April 17, 2020
South Korea: Was the Shincheonji Church Really Responsible for the Spread of COVID-19? CESNUR and Human Rights Without Frontiers Publish a Study
Brussels, March 17, 2020 (l.c.). With a virtual press conference (due to the restrictions to public events in Belgium), CESNUR, the Center for Studies in New Religions directed by Italian sociologist Massimo Introvigne, and Human Rights Without Frontier, the Belgian NGO led by Willy Fautré, presented a white paper on Shincheonji and Coronavirus in South Korea: Sorting Fact from Fiction. The study is signed by Introvigne, Fautré, London-based human rights lawyer Alessandro Amicarelli, Italian journalist Marco Respinti, and former Lithuanian diplomat and religious liberty activist Rosita Šorytė.
“It was a new experience, explained Introvigne, due to the virus we had to interview members of Shincheonji and scholars of Korean new religions via Skype. Personally, I was the only Western scholar who had published about Shincheonji and felt a responsibility to correct inaccurate information that spread from one media to the next. Shincheonji’s theology is certainly distinctive, as it believes that some of the events described in the Bible’s Book of Revelation already happened in South Korea and that its founder, Chairman Man Hee Lee, is the ‘promised pastor’ who will guide humanity into the Millennium. However, it is not distinctive in its theology of the Millennium, a thousand-year kingdom without illness or death, an idea shared by millions of conservative Protestants. And it teaches that, since we are not yet in the Millennium, hospitals, doctors, and medicine are needed. Some members of Shincheonji work in hospital themselves, and it is totally false that Shincheonji’s devotees regard themselves as invulnerable to sickness or refuse modern medicine or medical tests when needed.”
Šorytė and Fautré stated that Protestant fundamentalism is strong and politically active in South Korea, and very much disturbed by the growth of Shincheonji, a movement they regard as “heretic” and that grows mostly by converting Korean Protestants. “Well before the coronavirus, Šorytė explained, they have tried to have Shincheonji banned in South Korea.” “And they have taken the law into their own hands, added Fautré. Parents have kidnapped and detained their adult sons and daughters, and fundamentalist pastors have tried to ‘deprogram’ them and ‘de-convert’ them from Shincheonji. The practice attracted international condemnation when, in 2018, a female Shincheonji member was killed by her father when she tried to escape the deprogramming.” Fautré also introduced a book he just published on the practice of forced conversion in South Korea.
Amicarelli explained that what is certain about Shincheonji and the virus is that Patient 31, a female Shincheonji member from Daegu, was hospitalized after a minor car accident on February 7, diagnosed with a common cold, and sent to her normal life, where she attended several Shincheonji services and set in motion a chain of events leading to thousands of her church’s members being infected. Only on February 18, as her symptoms got worse, she was hospitalized again and tested positive to the virus. “Patient 31, Amicarelli said, claims that nobody told her about a possible virus infection before February 18, and that the claim by the hospital’s doctors, who understandably try to cover themselves, that she was offered the test twice before and refused, is false. The doctors could have forcibly quarantined her before February 18, but didn’t. At any rate, in hours after it learned about Patient 31, Shincheonji closed all its churches in the country.”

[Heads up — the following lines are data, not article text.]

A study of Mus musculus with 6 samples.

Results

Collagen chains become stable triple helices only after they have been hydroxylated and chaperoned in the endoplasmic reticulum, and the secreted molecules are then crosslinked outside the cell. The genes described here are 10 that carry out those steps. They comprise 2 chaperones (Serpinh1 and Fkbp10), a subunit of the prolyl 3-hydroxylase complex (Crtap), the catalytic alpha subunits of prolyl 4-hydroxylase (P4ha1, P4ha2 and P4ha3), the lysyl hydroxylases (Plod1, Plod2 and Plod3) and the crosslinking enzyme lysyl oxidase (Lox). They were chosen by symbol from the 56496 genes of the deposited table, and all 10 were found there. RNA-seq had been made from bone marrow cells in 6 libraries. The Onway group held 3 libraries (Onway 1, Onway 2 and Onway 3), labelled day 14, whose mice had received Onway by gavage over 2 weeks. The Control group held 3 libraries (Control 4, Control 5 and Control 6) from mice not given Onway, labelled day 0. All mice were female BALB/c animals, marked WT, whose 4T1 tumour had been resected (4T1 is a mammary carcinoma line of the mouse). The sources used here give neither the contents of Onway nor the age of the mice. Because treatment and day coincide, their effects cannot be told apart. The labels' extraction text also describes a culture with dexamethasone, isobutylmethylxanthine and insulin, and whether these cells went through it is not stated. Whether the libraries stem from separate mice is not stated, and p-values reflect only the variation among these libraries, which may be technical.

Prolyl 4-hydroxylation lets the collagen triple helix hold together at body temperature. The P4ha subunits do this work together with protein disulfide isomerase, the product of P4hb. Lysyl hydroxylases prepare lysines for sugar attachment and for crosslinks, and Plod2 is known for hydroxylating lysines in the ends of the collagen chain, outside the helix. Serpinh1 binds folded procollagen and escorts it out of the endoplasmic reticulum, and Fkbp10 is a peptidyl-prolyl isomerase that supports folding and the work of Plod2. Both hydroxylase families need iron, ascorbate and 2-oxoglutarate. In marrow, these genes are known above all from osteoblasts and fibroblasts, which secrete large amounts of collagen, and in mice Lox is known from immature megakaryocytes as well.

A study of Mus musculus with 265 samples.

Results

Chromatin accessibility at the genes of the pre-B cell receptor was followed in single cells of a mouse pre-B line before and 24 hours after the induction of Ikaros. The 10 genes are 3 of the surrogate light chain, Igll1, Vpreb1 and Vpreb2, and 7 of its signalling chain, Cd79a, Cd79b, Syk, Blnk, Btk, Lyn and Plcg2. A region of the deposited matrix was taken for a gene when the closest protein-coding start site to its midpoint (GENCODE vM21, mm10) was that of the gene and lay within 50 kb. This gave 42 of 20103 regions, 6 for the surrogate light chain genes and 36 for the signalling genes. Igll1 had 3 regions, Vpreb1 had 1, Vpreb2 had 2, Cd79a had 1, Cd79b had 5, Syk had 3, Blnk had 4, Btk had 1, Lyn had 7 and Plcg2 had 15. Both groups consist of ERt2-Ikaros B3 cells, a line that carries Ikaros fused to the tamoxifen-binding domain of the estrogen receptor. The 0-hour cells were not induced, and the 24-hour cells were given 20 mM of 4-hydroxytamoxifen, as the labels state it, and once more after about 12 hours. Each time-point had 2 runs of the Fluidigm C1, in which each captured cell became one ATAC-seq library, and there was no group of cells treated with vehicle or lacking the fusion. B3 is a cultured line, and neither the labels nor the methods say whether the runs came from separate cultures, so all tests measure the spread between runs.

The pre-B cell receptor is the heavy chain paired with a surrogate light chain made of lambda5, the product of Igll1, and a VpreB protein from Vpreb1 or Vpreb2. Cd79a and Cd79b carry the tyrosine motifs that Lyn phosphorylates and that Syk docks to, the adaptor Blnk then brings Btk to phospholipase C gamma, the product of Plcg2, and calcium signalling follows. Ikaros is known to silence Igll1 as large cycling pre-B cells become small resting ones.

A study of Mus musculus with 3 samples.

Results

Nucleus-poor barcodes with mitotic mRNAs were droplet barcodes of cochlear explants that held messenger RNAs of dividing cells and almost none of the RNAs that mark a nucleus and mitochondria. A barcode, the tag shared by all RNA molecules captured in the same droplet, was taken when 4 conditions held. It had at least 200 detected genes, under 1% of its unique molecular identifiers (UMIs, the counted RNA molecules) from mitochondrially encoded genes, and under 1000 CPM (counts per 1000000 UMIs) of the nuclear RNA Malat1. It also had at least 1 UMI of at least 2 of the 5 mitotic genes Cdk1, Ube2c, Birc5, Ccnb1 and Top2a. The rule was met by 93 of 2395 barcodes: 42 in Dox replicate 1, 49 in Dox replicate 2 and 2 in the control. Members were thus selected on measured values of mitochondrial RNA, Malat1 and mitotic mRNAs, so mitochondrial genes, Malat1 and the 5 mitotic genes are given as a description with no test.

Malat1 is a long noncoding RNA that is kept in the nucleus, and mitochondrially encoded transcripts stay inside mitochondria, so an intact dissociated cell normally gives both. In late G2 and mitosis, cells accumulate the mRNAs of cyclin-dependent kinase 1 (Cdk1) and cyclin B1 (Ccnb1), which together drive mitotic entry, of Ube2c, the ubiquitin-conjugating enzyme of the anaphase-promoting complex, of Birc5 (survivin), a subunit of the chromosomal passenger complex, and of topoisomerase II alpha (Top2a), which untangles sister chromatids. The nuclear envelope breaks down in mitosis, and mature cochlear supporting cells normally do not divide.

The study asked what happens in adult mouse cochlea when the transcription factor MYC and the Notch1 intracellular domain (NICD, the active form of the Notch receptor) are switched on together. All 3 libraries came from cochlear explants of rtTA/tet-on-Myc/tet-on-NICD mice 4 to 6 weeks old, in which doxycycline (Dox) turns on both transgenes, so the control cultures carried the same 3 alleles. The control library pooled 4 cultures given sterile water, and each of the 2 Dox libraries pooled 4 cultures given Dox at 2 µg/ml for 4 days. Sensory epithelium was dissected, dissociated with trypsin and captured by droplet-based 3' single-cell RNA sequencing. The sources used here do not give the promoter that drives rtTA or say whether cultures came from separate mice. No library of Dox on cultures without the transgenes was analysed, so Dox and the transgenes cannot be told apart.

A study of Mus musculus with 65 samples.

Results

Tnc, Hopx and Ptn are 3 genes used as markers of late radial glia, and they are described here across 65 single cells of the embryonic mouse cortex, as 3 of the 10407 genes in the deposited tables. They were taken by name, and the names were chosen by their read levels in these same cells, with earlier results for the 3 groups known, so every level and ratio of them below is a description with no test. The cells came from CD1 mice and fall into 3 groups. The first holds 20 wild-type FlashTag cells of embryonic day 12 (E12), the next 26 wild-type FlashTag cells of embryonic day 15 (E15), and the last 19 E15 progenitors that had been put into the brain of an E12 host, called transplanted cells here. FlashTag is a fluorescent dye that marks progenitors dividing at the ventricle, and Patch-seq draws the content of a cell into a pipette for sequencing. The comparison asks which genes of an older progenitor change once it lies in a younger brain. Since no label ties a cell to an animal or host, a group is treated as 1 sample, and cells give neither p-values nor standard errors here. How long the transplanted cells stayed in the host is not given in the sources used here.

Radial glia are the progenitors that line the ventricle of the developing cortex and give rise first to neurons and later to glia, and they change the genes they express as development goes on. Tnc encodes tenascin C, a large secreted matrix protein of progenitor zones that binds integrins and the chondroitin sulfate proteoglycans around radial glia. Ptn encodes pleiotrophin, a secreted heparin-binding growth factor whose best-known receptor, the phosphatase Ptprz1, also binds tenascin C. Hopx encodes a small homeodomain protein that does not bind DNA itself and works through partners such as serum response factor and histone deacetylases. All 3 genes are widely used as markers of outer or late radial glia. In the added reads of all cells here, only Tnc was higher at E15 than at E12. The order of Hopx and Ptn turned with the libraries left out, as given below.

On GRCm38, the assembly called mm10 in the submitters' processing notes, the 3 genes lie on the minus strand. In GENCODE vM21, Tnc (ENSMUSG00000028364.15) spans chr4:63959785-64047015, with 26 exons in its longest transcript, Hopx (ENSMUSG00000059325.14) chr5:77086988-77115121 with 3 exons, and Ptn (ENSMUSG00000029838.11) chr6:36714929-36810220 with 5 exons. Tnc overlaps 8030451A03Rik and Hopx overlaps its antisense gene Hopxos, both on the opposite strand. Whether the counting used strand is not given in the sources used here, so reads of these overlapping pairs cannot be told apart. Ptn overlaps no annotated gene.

The White Paper also goes into details about the lists of more than 200,000 members of Shincheonji that the government requested from Shincheonji and that were handled within six days. It quotes the statement by Korean deputy minister of Health, Kim Kang-lip, that there is “no evidence that Shincheonji supplied incomplete or altered lists,” although they did include some mistakes, as it is normal in such huge compilations.
“It is also true, Fautré stated, that some members tried to hide their affiliation with Shincheonji, although the movement’s instructions were to cooperate with the authorities. But we should consider that in South Korea admitting that you are a member of Shincheonji may get you beaten or fired from your job.”
“Did Shincheonji make mistakes? Introvigne concluded. Yes, and Chairman Lee admitted them publicly. Shincheonji may have been slow to realize the magnitude of the problem, that threatened its very existence as well as Korean public health. But these mistakes do not amount to criminal negligence, and scapegoating an unpopular movement for an epidemic is something we have already seen in history. Fundamentalist Christians hope that the virus may do what they failed to achieve for decades, put a halt to Shincheonji’s growth that happens at their expenses.”
The authors noted that the U.S. Commission on International Religious Freedom expressed yesterday similar concerns about the scapegoating of Shincheonji.